When The Johannesburg Review of Books (JRB) made its debut in May 2017, it added one more authentic, African platform to the expanding field of online literary journals on the continent.
But the dream propelling its founders was a bit different from the rest. Former Books Editor of the South African Sunday Times and founder of Books LIVE, Ben Williams and former Books LIVE Editor Jennifer Malec, now publisher and editor of the JRB respectively, found a gaping hole in the world of letters. The global literary space lacked an authoritative review based on the continent that covered significant books from across the globe.
Williams and Malec were inspired to launch “the review,” the first of its kind in Africa, to challenge the predominance of “city-arbiters of literary taste” like New York and London by nurturing critical talent from an underserved and under-heard continent. Since then, The JRB has grown, first by providing a new space for writers from South Africa and the continent to talk about culture, politics, history and the arts and secondly by taking advantage of the digital realm to make the world aware of what readers in Africa are thinking about books published around the world.
In the introduction to The Johannesburg Review of Books’ first issue, Williams positions the JRB as an act of defiance against a global literary complex where African writers and African discourses are often minimized. At the core of the publication’s vision is the mission of writing “back against dominant world literary narratives.” The JRB creates a space where “Africa writes back into the literary spaces that largely occlude our own writers from an eclectic and supportive community of artists.”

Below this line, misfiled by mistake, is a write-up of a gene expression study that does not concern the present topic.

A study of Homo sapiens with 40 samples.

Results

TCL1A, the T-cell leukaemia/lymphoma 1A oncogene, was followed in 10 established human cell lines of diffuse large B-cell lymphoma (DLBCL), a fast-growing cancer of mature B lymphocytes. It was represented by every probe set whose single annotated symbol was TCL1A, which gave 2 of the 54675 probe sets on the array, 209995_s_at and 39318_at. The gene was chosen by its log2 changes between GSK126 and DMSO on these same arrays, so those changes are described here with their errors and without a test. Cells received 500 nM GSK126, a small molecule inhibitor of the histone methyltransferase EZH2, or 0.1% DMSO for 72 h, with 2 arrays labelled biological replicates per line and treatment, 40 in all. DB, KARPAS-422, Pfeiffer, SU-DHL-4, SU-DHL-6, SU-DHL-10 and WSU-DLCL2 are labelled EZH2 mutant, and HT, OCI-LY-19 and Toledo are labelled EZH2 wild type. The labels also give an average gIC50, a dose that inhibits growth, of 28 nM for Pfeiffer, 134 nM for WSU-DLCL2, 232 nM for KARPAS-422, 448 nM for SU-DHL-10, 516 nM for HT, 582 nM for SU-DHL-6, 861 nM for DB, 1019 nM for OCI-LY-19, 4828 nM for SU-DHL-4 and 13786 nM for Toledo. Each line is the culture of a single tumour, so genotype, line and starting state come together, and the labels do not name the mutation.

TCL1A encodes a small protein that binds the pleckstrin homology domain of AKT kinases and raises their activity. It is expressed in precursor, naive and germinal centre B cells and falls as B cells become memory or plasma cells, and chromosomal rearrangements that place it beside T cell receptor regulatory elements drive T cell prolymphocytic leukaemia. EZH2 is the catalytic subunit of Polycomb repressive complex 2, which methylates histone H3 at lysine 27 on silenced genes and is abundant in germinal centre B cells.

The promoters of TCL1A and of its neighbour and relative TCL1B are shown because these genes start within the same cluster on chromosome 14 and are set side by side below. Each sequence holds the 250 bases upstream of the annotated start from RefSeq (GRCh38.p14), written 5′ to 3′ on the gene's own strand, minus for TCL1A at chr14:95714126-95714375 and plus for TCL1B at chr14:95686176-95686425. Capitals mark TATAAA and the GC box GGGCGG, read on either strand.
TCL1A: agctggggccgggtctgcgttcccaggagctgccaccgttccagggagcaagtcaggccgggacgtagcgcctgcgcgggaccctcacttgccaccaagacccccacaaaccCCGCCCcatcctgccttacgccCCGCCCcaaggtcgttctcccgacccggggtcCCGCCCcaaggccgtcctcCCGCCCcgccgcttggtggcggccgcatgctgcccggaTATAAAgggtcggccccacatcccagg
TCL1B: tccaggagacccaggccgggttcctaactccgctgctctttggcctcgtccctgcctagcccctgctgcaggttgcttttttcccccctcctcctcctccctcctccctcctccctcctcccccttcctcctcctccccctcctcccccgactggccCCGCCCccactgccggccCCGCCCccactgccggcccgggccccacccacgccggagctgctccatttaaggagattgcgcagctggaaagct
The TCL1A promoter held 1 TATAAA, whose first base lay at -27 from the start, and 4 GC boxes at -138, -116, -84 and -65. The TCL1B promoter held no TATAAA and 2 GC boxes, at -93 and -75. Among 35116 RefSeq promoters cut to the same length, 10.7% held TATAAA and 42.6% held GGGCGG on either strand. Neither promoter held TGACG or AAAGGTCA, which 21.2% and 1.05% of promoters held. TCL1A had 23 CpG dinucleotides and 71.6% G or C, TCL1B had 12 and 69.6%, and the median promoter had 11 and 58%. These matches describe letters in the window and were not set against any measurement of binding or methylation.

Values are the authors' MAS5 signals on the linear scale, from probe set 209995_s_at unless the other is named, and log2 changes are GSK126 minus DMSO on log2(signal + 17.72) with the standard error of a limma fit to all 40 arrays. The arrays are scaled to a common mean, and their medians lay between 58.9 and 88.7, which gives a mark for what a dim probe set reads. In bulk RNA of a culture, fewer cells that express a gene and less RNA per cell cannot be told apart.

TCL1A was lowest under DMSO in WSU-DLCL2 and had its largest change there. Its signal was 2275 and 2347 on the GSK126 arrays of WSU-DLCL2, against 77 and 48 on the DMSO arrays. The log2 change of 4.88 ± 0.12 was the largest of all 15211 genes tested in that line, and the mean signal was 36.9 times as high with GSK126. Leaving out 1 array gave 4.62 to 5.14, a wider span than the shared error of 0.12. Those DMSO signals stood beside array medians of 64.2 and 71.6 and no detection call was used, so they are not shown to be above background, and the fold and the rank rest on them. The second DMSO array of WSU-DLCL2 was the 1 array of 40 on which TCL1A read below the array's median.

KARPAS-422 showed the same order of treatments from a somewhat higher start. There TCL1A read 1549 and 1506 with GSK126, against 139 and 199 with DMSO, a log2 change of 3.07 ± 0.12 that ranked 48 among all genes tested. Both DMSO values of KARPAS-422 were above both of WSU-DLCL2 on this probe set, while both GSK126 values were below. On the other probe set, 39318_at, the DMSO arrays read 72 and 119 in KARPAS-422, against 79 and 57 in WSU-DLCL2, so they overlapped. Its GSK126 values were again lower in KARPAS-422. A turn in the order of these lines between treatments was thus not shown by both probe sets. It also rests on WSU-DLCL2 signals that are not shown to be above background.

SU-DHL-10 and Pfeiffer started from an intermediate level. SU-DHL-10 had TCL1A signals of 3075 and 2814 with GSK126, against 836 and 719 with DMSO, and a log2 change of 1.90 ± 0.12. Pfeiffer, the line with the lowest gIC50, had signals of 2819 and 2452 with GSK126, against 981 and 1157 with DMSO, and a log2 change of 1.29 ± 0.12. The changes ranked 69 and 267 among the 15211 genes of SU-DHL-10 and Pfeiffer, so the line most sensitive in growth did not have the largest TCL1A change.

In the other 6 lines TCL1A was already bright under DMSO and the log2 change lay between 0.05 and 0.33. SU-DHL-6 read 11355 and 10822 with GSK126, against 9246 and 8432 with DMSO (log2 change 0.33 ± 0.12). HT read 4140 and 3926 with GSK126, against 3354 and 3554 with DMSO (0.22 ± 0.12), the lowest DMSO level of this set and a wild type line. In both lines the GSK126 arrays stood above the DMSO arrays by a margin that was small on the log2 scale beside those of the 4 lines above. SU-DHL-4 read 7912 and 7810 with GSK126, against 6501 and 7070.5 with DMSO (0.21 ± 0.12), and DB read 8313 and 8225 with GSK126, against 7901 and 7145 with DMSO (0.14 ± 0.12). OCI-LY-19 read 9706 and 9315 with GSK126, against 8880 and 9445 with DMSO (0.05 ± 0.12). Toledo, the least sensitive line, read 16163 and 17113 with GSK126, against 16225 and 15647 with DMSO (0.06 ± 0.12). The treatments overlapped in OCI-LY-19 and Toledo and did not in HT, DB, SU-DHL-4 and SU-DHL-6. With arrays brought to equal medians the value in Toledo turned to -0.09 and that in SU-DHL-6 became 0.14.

The JRB publish essays and reviews that cover a broad scope of African literary interests. For example, the current issue contains a delightful double review of Imbolo Mbue’s Behold the Dreamers and Zadie Smith’s Swing Time, a piece on Naomi Alderman’s The Power, the feminist sci-fi novel that won 2017 Baileys Women’s Prize for Fiction, as well as an essay on Chinua Achebe’s Things Fall Apart, a short story by South African writer Aba Asibon, Bongani Madondo’s long, serious-but-playful review of Koleka Putuma’s debut collection, and lots more.
The JRB is recognized as a leading platform for authoritative commentaries on culture and literature. In 2018, for instance, five pieces published on The JRB were nominated for various categories of the Brittle Paper Awards. Panashe Chigumadzi, who was shortlisted for “History Through the Body or Rights of Desire, Rights of Conquest,” an interrogation of J. M. Coetzee’s novel Disgrace using literary analysis, history, and memoir won the Essays & Think Pieces Award.
Since the first issue in May 2017, The JRB has published more than two hundred writers, mainly from Africa, across some thirty-seven issues. Each of these writers are paid for their work, something that Malec says is important to the JRB. Paying writers is a priority for the publication and will continue to be. Yet another way of looking at what the JRB does, as Ben Williams puts it, is to support a culture of writing as a way of keeping basic human connections alive. Books demand a meeting of minds. Books open up spaces for dialogue and understanding against the hardening boundaries of nationalism and extremism we see emerging in the world today. And as the pandemic continues to highlight the precarious nature of our lives, the strangeness and isolation have compelled JRB to make contact, make plans and share ideas more than they would have in a ‘normal’ year.
We asked Jennifer Malec how she feels about establishing and running one of the most important literary journals on the African continent these past few years. This is her response:
I have made so many friends and connections in African literature, and I will admit to feeling a disproportionate rush of pleasure when somebody applauds The JRB on social media. But I think the thing I find most rewarding about running a literary journal is what happens behind the scenes. Editing a good writer is like sharpening a good knife, and the sense of satisfaction I get from publishing the resulting finely honed words is peerless.
There is no doubt that the work of the literary magazine has significantly expanded the online African literary scene with its rich mix of new writing and critical analyses and diversified audiences for African writing.